Originally built as a modest beachfront cabin in the 1960s, and subsequently modified through a series of piecemeal renovations. 'By the time our client acquired the house its design integrity had long ceased to exist,' says architect, Graham Baba.
The forested property, however, was ideally suited to the creation of a quiet refuge with direct connections to nature.
The 60-foot drop from entry drive to water's edge, was not without challenges. The aim was to preserve views of the lake and to mitigate the nearly half-acre property's steep slope. The final result is an upper driveway that winds beautifully through the forest.
The final steps to the house pass through a series of intimate landscapes. A two-story glazed entry feature provides glimpses through the house to the water from the moment one enters the site. Planted roof surfaces help to merge the house with its setting.
Inside, the house was taken back to the studs and completely reworked. 'The house previously lacked a visual connection to the lake,' says Graham, 'so we added a third floor and reoriented all the major interior spaces toward the views.'
The main floor and formal entry, the middle of the house's three floors – serves as the public zone of the house. Here, spaces including the galley kitchen and breakfast room, and dining room and living room, flow one to the other. A small guest room rounds out the main floor.
A second floor was added to provide separation for private spaces, including the master suite and kids bedrooms. The staircase connecting the floors was conceived as a set of floating wood slabs (fumed white oak) that appear to float within a wood enclosure.
The basement supports family-oriented spaces including the family room, exercise room, play room, and a wine room. 'Although the ground floor faces west to water,' notes interior designer, Terry Hunziker, 'you don’t see it from the front of the house because of the steep slope.
Therefore, the bottom level does not at all ‘read’ like a basement.' Previously closed off from the waterfront, the basement now opens directly to the waterfront, enabling activities to flow from inside to outside.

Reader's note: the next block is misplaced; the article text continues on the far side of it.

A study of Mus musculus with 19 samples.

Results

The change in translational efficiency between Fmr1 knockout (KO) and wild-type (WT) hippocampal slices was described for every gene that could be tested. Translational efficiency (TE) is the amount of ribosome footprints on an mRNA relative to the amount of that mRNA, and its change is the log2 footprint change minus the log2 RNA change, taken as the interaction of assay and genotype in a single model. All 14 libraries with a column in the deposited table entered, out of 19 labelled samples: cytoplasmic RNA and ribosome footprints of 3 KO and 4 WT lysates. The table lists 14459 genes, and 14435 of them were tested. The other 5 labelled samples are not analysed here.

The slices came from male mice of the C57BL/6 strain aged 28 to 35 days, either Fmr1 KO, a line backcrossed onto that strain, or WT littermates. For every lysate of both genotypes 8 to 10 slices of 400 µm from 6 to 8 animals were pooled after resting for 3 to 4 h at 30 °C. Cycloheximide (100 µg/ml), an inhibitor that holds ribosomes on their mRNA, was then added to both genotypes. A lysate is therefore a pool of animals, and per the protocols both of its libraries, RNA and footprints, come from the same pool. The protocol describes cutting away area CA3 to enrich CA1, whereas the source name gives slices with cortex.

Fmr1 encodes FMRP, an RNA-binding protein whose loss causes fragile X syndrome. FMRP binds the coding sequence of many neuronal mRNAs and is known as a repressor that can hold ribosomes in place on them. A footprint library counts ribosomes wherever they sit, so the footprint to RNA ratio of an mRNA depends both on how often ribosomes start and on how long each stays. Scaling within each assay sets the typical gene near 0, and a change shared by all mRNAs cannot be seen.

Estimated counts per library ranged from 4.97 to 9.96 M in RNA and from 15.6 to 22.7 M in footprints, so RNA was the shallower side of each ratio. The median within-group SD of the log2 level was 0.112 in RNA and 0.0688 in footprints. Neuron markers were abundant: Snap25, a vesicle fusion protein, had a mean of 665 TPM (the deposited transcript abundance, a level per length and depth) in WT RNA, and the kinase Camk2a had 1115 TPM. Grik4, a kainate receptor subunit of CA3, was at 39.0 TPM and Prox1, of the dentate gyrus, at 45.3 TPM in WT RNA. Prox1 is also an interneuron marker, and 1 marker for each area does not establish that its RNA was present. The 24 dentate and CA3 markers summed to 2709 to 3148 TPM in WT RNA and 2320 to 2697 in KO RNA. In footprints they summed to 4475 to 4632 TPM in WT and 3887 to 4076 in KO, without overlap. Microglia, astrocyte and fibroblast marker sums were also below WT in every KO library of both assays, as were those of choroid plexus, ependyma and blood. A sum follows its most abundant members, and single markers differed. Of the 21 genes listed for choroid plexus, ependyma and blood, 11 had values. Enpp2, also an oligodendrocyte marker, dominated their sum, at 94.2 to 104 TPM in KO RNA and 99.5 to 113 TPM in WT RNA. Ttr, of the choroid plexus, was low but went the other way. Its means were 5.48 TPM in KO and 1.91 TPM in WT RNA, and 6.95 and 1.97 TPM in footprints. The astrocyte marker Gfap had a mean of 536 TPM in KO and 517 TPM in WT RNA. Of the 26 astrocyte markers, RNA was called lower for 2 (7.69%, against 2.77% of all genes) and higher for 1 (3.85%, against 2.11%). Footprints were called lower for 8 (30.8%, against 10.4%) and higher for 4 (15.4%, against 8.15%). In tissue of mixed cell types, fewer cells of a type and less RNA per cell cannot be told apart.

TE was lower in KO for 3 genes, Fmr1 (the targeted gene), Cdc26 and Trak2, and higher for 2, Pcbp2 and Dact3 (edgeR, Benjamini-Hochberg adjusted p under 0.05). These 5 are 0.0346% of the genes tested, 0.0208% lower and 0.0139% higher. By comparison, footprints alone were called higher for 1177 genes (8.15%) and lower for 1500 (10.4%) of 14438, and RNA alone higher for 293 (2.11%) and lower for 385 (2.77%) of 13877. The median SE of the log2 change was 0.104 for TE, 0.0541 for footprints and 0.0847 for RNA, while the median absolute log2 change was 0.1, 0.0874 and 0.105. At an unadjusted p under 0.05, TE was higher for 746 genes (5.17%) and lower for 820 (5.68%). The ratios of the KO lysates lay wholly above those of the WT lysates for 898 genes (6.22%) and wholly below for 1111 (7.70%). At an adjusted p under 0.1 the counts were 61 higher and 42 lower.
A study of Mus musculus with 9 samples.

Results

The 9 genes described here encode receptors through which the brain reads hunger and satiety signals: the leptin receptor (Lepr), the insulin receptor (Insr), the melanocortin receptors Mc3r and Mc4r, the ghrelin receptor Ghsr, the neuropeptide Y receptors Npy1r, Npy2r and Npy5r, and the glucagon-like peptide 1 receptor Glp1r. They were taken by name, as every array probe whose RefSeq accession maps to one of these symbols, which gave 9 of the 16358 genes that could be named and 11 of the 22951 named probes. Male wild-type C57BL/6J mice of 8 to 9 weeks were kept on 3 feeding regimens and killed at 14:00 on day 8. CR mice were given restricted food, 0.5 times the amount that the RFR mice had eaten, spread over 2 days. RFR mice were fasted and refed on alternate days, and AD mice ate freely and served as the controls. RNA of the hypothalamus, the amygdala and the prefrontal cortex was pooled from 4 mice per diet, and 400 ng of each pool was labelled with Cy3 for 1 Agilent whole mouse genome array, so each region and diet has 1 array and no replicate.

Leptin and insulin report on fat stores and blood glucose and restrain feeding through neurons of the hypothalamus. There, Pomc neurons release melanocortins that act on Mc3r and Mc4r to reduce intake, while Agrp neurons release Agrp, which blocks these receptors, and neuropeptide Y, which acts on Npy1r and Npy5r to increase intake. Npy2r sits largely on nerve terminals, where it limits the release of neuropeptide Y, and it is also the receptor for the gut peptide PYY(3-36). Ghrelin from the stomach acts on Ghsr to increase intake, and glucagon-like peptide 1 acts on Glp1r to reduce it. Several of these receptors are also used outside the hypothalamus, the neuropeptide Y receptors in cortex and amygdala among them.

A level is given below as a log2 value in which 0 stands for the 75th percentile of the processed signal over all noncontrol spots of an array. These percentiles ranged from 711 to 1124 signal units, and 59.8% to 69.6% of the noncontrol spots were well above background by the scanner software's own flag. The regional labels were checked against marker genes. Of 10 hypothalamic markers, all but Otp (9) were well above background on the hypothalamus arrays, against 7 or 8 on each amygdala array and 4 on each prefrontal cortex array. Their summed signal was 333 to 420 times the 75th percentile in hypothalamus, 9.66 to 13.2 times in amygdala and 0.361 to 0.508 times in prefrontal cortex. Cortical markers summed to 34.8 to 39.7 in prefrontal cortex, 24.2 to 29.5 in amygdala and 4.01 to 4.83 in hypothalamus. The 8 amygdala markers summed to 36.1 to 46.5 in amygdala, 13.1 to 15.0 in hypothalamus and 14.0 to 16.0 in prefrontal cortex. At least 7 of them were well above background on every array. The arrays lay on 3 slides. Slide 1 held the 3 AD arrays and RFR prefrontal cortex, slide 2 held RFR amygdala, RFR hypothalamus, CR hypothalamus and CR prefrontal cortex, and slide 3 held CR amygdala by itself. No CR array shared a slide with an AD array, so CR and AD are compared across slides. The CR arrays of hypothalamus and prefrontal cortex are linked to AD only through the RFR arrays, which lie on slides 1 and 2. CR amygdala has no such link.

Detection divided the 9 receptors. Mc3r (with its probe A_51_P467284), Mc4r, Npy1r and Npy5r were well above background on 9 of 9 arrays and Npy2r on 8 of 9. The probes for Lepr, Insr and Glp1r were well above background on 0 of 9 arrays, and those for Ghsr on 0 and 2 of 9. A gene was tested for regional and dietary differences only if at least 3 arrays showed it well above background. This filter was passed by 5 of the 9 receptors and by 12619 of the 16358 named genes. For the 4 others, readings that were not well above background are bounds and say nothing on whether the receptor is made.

Stand out features include the staircase with floating wood slabs, custom bead-blasted nickel hardware, an oversized Japanese soaking tub, and sliding leather paneled pocket doors to master bedroom and bathroom. Concealed doors and integrated handrails reinforce the minimal aesthetic without sacrificing rich materiality.
Outside, variously-sized, dark-stained cedar siding provides subtle dimension and shadow effects. Integrated sun-shades on all west-facing windows marry function with aesthetics, adding visual texture while mitigating direct sun exposure.
Photography/ Kevin Scott
Architecture/ Graham Baba (opens in new tab)
Interior design/ Terry Hunziker (opens in new tab)
Jennifer is the Digital Editor at Homes & Gardens. Having worked in the interiors industry for a number of years, spanning many publications, she now hones her digital prowess on the 'best interiors website' in the world. Multi-skilled, Jennifer has worked in PR and marketing, and the occasional dabble in the social media, commercial and e-commerce space. Over the years, she has written about every area of the home, from compiling design houses from some of the best interior designers in the world to sourcing celebrity homes, reviewing appliances and even the odd news story or two.